Risk assessment helps identify and document critical business processes and the internal controls within each process. Combined with facilitated management meetings, this approach can help gain company-wide consensus by including key process owners in risk and controls analysis.
Most organizations are struggling with a disconnect between financial planning and the planning that goes on in operations/production, which leads to challenges in execution of strategy and errors in planning. This makes it difficult for businesses in general (and CFOs in particular) to deliver predictable results. The goal of integrated business planning (IBP) is to connect these disjointed teams, currently planning in their own silos with limited regard for the business realities of the other teams.
Good process documentation doesn’t just describe how things work—it tells a story of an organization’s modus operandi (MO). As with any storytelling, it’s possible you might sit down to document your process and encounter writer’s block. There it is, the dreaded blank page taunting you as you struggle to decide how to get started.
Most organizations continue to invest a significant number of hours every month in a particular set of activities related to calculating, manipulating and validating critical financial reporting data using spreadsheets. Organizations should be asking whether this level of effort represents incremental value to the financial reporting process and whether this actually does needs to be done in spreadsheets.
It seems like everybody is wearing a lot more hats these days and finance leaders are no exception. Of course, this means that they are finding it increasingly difficult to balance the multitude of responsibilities and non-routine initiatives facing the finance function.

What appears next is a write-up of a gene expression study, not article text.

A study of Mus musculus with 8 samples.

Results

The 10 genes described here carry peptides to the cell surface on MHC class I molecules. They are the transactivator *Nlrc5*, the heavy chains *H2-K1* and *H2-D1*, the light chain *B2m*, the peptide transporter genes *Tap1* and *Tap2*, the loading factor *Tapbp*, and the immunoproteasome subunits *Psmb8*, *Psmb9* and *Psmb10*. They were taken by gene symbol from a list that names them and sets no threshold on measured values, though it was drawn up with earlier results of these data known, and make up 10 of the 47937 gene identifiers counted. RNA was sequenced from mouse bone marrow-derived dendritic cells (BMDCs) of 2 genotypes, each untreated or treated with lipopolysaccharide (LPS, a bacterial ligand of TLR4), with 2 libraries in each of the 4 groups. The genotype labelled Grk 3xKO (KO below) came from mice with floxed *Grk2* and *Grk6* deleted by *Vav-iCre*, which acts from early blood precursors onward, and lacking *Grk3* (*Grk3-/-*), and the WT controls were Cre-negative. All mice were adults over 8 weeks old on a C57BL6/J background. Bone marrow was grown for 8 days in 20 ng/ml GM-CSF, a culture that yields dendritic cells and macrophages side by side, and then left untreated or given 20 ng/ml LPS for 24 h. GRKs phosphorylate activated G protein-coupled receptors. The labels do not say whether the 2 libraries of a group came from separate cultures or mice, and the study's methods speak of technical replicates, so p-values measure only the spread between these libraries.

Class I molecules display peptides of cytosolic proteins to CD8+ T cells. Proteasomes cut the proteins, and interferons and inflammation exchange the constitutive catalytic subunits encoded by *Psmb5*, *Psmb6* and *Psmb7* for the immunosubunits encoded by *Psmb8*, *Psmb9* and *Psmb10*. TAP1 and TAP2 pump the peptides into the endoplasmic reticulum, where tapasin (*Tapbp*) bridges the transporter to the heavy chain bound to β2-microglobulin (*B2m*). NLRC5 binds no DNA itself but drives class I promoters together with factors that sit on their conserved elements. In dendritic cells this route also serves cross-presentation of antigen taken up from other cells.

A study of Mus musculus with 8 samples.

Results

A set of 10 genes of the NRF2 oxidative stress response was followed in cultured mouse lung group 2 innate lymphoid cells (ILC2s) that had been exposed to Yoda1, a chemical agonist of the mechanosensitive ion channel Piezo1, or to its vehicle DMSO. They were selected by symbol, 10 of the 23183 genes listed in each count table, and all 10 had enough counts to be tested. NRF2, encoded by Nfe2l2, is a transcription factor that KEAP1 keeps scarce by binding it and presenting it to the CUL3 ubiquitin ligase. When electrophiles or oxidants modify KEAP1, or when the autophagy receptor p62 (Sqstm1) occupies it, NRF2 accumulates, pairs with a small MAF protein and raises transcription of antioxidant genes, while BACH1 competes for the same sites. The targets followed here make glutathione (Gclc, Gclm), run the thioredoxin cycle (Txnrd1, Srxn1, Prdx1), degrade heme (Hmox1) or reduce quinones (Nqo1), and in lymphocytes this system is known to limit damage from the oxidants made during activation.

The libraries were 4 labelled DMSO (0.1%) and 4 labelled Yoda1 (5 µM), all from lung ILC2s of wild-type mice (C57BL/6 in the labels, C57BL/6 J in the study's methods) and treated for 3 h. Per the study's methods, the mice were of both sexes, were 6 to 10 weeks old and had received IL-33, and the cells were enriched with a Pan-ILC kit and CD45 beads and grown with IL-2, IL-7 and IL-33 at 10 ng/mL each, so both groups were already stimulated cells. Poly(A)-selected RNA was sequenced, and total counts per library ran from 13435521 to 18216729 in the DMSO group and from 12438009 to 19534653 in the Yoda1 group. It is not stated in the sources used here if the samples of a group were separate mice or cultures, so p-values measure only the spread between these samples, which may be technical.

A fast, close-the-books process provides multiple benefits for the finance function and for the company. First, a fast close process creates more time for finance professionals to focus on strategic activities for the company, such as identifying warnings in financial data and providing the corporation's financial direction. It also reduces the cost of the finance function, since fewer hours are needed to close the books. And it demonstrates that the company's controls and systems are well organized; the company sends the message to its competitors and to the investment community that it is expert at performing business processes.
|Busi*ness In*tel”li*gence|, n. - the capacity to acquire and apply business knowledge, the act or state of knowing about your business; to understand and profit from experience; the internal development and sharing of information to create a competitive advantage.
The objectives of a business intelligence competency center (BICC) are to provide the organization with better control over operational and financial reporting, reduce reporting costs, improve consistency, and provide the organization with more complete information for management decisions. BICCs are often business-led cross-functional teams that provide organizational support and guidance for implementation and usage of business intelligence processes and technology. They can live within the IT organization, but more often are business driven.
The internal audit function’s position within a company is unique. It provides its principal stakeholders (audit committee members and management) valuable and objective assurance on governance, risk management and control processes, as well as consulting services to improve operations. With this critical responsibility to fulfill, implicit in executing those duties is internal audit’s continuous improvement to its own practices.